Torchbearer Down

A good part of this week has been spent in a walking blank state: the result, I suppose, of the discorporation of Steven Hawking.

I have to admit that I missed the discorporation of Richard Feynman. I was busy and the media was much less in-your-face than today. Feynman was the court sage only of physicists and a few science nerds and geeks, not of bogs and debutantes. His work was also closer to me; I have always been a matterist, going afield in optics a bit, but mostly I care about the local. Probably comes of initially being brain washed by Chemists. Thanks George Toffel!

I have been aware of Hawking for years, but have never read any of his work. Some of that comes of reading outreach tomes only grudgingly. The last one I enjoyed was Weinberg’s “To Explain the World.” I actually finished that one; most I get five pages in and either ruin the volume with regurgitant or I douse it with petrol and set it to fire. 

While I wasn’t much interested in Hawking’s work, mostly I read bits to answer questions posed by friends who are incapable of reading (and comprehending) for themselves, I did respect him for his work and doubly the handicap he persevered. I identified with his problems: communication; near-nasty intruding people; finding a persisting life partner; getting work done. And his ability to transcend much greater difficulties than mine made my life easier and seem less futile. When you are submerged in an ocean of sharks it is hard to catch fish.

So when I saw an article [Link] this morning entitled “Stephen Hawking dies: Scientist’s most memorable quotes” I could not resist paying homage to him in my inimitable pseudo-snarky fashion.

“On why the universe exists…

❝If we find the answer to that, it would be the ultimate triumph of human reason – for then we would know the mind of God❞ – A Brief History Of Time, published 1988

It seems to me that the obvious conjecture here is the universe is a petri dish and the deity is a scientist. It’s an experiment and the deity is hyper-objective.

On humanity…

❝We are just an advanced breed of monkeys on a minor planet of a very average star. But we can understand the Universe. That makes us something very special❞ – Interview, Der Spiegel, October 1988

The problem is that while we as a species can (maybe) understand the universe, the fraction of humans who can do so is vanishingly small. Sir Arthur Eddington once asked who was the third person who could understand Einstein’s Relativity Theory. I suspect Sir Arthur was being a bit arrogant – the British do that quite as well as a Congressional staffer – but the fraction seems rather low. As an estimate, the number of physicists in Amerika is about 35K while the total population of 350M. That gives a fraction of 0.0001 (1E-4). So since four nines of humanity can’t understand reality, they will swamp those who can and generally be assured of vertically copulating everything including the continuation of the species.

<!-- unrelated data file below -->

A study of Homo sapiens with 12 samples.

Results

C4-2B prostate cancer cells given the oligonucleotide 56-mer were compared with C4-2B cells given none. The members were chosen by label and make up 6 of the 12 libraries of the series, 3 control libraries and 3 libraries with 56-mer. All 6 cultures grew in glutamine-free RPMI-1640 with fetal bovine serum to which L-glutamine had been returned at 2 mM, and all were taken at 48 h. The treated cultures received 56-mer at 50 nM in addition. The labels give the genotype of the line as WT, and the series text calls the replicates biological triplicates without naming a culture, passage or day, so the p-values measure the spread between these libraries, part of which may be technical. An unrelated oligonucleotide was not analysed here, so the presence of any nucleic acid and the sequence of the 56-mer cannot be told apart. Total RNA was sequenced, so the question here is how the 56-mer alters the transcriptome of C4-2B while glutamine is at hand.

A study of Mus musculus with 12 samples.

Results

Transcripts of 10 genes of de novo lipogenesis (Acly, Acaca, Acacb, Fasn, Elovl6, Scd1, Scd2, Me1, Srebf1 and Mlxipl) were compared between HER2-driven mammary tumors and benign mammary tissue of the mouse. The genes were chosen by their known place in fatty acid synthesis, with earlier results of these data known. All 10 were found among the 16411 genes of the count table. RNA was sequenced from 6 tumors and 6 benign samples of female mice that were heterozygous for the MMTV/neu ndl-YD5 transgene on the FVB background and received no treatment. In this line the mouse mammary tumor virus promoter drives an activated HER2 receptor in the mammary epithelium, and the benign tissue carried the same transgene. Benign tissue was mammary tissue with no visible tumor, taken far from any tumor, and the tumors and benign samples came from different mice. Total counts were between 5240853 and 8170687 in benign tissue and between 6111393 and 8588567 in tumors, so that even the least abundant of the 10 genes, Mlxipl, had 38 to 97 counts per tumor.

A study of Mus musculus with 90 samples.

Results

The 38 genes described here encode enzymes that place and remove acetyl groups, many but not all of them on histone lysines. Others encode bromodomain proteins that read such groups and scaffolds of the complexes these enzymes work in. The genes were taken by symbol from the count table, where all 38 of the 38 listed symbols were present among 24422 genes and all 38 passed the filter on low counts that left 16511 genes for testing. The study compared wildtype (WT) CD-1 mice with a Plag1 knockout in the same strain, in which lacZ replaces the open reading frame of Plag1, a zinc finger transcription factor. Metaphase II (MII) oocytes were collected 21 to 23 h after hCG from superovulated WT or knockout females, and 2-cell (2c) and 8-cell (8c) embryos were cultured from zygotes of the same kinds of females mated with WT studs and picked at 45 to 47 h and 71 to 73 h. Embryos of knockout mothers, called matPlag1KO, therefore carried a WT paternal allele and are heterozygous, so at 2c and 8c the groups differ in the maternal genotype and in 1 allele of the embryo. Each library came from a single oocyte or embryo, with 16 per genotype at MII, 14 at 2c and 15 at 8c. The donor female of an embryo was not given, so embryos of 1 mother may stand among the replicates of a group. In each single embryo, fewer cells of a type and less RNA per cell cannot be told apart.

On life…

❝One, remember to look up at the stars and not down at your feet. Two, never give up work. Work gives you meaning and purpose and life is empty without it. Three, if you are lucky enough to find love, remember it is there and don’t throw it away❞ – Interview with ABC’s Diane Sawyer, June 2010 

My first thought when I read this is that Hawking hasn’t had to worry about going down stairs since he was in his twenties. My second thought is that the stars may engender all sorts of feelings but they don’t necessarily inspire everyone. So I would alter the advice to make sure you seek out things that inspire you and control what you look at that is uninspiring.

On living with a disability…

❝My advice to other disabled people would be, concentrate on things your disability doesn’t prevent you doing well, and don’t regret the things it interferes with. Don’t be disabled in spirit, as well as physically❞ – Interview, New York Times, May 2011

IOW, Illigetimi non carborundum. Or as I paraphrase it, don’t let the bogs get you down. Everyone has a disability or two. Some folks, notably bogs, are often unaware they have one until someone sentient tells them. Of course bogs generally have no idea of what Hawking considered work; their idea is what they get paid for and they hate it.

On an imperfect world…

❝Without imperfection, you or I would not exist❞ – On Into The Universe With Stephen Hawking, Discovery Channel, 2010

The only thing that may be perfect is a proton. We have never seen one decay. That doesn’t mean that it can’t or that it is perfect. Imprefection is how the universe is, so ignore that at your risk.

On staying cheerful…

❝Life would be tragic if it weren’t funny❞ – Interview, New York Times, December 2004

We have to remember that Hawking was British and the British have a better capability for seeing humor than Amerikans (and some others.) We also tend to harass and murder people who find humor. So caveat emptor. And never laugh in front of a politician; they have neither scruples nor integrity.

This is getting a bit tedious and I am not a journalist, who would have no sense of being tedious nor propriety. So Selah.

I will not invoke the after life because it seems boggish. But you will be missed, Steven Hawking, at least for a while.